Time for us to check out crossed loop performance for reducing local RFI. You will find the above picture worth a thousand words. Here’s few more.
Recently I wrote about configuring my LZ1AQ commercial active antenna amplifier into a crossed-loop arrangement. My amplifier enables switching between two different loops, as well as a small vertical dipole. The loops focus on magnetic components of a radio wave, while the dipole is an electric field vertical.
Previously, I have also described the terrible RFI I experience from poorly installed halogen lights in my neighbor’s kitchen just to the west of my house. Typically, this broadband interference is most pronounced on the 25 meter shortwave band. So, here goes.
Above, you can see the spectrum display from a Perseus receiver running in SDR Console Version 3. The receiver is centered on 11,780 kHz with 200 kHz bandwidth. I quickly switched between three antenna configurations. These are the E-Field Vertical, Loop 1 with an East-West plane and N-S null, and Loop 2 with a North-South plane and E-W null. The difference is amazing.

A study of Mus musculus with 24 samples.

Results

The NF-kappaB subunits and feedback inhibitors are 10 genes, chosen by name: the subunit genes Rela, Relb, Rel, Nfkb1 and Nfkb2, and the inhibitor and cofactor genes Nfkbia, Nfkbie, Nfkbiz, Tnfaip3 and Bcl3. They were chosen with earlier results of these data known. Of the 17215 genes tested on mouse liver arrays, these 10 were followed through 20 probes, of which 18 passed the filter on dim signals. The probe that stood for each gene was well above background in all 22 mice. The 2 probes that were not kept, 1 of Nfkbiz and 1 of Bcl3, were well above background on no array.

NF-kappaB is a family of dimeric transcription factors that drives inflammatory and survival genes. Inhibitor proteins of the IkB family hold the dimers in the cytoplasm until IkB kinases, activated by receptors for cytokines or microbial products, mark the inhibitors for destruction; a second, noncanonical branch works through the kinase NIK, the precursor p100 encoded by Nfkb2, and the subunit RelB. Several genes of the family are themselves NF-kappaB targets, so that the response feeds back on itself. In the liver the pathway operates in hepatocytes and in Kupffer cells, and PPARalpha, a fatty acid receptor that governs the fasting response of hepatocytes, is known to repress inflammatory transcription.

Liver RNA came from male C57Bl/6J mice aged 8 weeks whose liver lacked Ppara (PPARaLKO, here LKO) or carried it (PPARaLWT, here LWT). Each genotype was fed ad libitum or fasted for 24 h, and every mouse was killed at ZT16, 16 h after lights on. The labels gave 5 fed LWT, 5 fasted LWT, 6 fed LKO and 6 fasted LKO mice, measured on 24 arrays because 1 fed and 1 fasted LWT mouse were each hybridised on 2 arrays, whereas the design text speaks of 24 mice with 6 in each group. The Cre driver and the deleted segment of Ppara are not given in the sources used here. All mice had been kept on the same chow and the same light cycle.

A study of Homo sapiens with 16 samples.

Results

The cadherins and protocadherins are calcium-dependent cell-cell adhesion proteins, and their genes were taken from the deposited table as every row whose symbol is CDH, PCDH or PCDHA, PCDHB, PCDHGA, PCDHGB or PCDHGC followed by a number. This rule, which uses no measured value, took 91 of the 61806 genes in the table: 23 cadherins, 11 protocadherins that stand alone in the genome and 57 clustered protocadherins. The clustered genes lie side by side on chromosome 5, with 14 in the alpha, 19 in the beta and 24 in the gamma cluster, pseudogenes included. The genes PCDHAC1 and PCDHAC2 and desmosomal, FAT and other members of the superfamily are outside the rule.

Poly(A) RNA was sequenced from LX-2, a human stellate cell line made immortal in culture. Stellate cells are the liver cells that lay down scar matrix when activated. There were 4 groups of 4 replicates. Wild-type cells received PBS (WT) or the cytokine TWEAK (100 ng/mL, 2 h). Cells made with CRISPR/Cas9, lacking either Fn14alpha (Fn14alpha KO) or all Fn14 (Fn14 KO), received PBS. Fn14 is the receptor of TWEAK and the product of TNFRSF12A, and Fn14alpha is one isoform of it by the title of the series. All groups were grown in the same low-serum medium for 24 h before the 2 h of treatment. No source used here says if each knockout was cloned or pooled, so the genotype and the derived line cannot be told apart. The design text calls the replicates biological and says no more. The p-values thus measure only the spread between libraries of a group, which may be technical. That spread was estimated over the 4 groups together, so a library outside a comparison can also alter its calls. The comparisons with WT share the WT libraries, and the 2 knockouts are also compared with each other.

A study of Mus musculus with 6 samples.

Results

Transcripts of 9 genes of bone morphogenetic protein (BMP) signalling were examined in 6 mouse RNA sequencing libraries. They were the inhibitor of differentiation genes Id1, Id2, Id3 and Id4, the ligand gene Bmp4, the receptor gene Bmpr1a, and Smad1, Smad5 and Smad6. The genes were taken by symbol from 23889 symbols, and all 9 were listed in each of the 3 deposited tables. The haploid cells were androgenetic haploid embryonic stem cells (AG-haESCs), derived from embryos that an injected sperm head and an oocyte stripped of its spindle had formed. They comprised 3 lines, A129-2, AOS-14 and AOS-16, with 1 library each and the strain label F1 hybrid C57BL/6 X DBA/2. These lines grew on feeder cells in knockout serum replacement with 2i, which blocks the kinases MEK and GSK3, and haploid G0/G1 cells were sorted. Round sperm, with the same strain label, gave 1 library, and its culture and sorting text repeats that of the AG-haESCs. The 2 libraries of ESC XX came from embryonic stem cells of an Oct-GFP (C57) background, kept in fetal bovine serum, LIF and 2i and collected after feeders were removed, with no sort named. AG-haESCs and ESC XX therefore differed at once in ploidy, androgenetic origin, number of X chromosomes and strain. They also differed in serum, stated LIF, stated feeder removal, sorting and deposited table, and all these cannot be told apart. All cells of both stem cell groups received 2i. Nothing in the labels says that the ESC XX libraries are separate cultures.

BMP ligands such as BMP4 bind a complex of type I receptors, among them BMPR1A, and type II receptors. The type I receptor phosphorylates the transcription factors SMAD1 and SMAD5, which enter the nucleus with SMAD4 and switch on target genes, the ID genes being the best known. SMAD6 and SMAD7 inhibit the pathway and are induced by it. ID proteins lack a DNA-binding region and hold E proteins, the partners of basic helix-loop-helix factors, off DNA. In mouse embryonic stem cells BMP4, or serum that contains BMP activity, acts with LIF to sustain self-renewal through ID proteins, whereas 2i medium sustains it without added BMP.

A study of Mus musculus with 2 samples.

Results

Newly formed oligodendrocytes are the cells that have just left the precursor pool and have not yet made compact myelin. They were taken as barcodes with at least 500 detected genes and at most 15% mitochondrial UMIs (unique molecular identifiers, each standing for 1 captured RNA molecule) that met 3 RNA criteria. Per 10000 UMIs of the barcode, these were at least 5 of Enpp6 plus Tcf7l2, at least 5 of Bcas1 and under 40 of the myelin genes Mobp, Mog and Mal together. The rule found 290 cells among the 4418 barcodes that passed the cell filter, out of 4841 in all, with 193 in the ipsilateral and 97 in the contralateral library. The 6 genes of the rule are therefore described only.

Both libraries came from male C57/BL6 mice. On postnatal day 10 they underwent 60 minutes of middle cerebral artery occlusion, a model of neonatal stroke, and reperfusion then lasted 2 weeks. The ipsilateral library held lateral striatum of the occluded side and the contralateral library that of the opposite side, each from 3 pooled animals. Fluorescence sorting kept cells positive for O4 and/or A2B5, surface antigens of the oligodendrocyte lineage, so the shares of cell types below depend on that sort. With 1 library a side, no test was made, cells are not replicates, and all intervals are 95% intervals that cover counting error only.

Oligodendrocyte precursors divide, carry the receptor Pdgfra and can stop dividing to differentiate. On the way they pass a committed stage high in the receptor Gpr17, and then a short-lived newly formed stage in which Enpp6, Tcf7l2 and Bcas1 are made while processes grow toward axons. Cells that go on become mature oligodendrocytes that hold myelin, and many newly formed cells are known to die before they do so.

You can see the Radio Nacionale da Amazonia signal level is comparable across all three antennas at around -85 dBm. But, look at the noise level which varies from -105 dBm on the dipole, to -110 dBm on the E-W loop, down to -120 dBm using the N-S loop with a null towards the noise.
If you play around with this configuration, you can unveil some signal-to-noise ratios that are truly dramatic.
Crossed Loop Performance – Mixed Improvements
My first observation with this configuration not being able to get as great a null on local RFI compared to single loop. Perhaps there is some interaction between the two closely spaced loops which effects the pattern.
Second, I continue to experience unexpected results on directivity in the HF range. At low and medium frequencies, directivity is as expected. But higher up, I find it all over the place. I am wondering also if this might be a result of mounting the loops on a chain link fence?